While you’re waiting to see if your dearly beloved is going to do what it takes to salvage their finances, it’s crucial that you don’t become any more entangled than you already are. Things that you shouldn’t even begin to consider doing before you’re both on the right track include:
Opening a joint account: The thing about joint accounts is that they come with inherent risks. If your partner decides to make large purchases on your joint savings account, you can’t stop them. And, if they recklessly spend big with your joint credit card, you will be responsible for making the repayments at the end of the month.
Acting as guarantor: If your significant other can’t afford a new phone plan, personal loan, or credit card, you can’t afford to act as their guarantor. Why? Because if they don’t hold up their end of the bargain, as a guarantor, you are legally responsible for making all of the repayments (including interest, fees and charges). And, even if you pay out the entire amount of the loan or contract, in the end, you won’t legally own the item you paid for.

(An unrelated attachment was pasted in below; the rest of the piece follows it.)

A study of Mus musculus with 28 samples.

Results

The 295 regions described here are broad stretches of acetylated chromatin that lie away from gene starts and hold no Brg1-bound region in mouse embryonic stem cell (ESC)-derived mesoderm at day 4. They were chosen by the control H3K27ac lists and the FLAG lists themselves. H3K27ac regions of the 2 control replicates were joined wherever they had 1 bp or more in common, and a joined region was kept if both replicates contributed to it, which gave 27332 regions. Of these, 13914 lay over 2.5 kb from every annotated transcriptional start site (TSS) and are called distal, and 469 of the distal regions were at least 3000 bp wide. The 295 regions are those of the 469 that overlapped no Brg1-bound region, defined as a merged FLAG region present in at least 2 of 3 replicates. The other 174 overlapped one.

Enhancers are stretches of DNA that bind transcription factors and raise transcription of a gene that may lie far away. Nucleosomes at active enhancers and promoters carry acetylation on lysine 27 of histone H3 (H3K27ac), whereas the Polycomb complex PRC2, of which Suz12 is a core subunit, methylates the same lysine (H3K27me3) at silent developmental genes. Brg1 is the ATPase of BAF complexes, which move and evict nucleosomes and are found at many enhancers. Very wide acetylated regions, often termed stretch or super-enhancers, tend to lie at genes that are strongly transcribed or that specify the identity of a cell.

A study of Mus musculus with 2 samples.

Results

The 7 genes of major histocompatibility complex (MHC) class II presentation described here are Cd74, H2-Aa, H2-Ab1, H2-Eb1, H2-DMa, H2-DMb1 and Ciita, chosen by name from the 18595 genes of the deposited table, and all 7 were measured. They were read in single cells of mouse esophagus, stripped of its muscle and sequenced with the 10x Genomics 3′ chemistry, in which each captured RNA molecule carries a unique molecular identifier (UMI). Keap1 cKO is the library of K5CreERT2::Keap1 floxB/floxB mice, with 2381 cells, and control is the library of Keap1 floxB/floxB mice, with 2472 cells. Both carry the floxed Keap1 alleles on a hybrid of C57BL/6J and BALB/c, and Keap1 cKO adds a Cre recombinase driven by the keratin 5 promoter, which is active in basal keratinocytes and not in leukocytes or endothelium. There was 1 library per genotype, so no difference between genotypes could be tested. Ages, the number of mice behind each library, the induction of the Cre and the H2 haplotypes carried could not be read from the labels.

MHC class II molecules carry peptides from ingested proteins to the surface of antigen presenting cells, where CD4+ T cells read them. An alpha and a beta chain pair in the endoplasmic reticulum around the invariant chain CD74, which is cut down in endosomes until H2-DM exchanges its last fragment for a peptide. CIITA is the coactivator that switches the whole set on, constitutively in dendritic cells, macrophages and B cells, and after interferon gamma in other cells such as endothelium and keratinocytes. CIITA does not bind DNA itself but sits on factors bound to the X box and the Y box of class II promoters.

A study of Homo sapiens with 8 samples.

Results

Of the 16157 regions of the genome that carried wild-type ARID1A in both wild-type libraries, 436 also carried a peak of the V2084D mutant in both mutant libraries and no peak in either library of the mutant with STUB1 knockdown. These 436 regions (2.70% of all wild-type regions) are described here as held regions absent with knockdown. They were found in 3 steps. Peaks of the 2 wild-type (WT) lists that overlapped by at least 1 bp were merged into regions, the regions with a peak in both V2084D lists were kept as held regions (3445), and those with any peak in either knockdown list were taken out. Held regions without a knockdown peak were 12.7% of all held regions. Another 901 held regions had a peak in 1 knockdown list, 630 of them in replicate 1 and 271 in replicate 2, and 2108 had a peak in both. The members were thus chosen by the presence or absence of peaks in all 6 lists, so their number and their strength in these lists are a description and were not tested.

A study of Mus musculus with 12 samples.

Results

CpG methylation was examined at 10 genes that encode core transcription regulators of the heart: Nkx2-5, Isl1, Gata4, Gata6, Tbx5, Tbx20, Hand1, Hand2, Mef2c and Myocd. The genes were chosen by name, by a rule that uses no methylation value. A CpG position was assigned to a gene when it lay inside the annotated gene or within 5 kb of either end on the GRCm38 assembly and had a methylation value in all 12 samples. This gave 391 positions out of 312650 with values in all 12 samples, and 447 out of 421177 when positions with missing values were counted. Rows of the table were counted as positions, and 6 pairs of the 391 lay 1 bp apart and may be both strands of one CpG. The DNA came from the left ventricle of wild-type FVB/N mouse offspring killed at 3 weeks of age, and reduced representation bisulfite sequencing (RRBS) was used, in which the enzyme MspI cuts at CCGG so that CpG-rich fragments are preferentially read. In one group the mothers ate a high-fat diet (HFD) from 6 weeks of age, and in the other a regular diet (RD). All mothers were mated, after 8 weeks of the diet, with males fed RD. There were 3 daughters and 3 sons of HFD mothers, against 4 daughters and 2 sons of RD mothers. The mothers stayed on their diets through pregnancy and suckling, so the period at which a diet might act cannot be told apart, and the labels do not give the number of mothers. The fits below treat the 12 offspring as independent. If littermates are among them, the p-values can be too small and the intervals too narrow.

Continuing to enable them: Footing the bill now and then is a nice gesture, but if you are constantly paying for outings, groceries and utilities, you are ultimately doing your partner a disservice.
First, the money you spend on your partner could be saved or invested in your future together.
Second, when you keep the cash flowing you teach your significant other that their poor choices have no consequences. If you’re not used to setting boundaries - something every flourishing relationship has - your finances are a great place to start.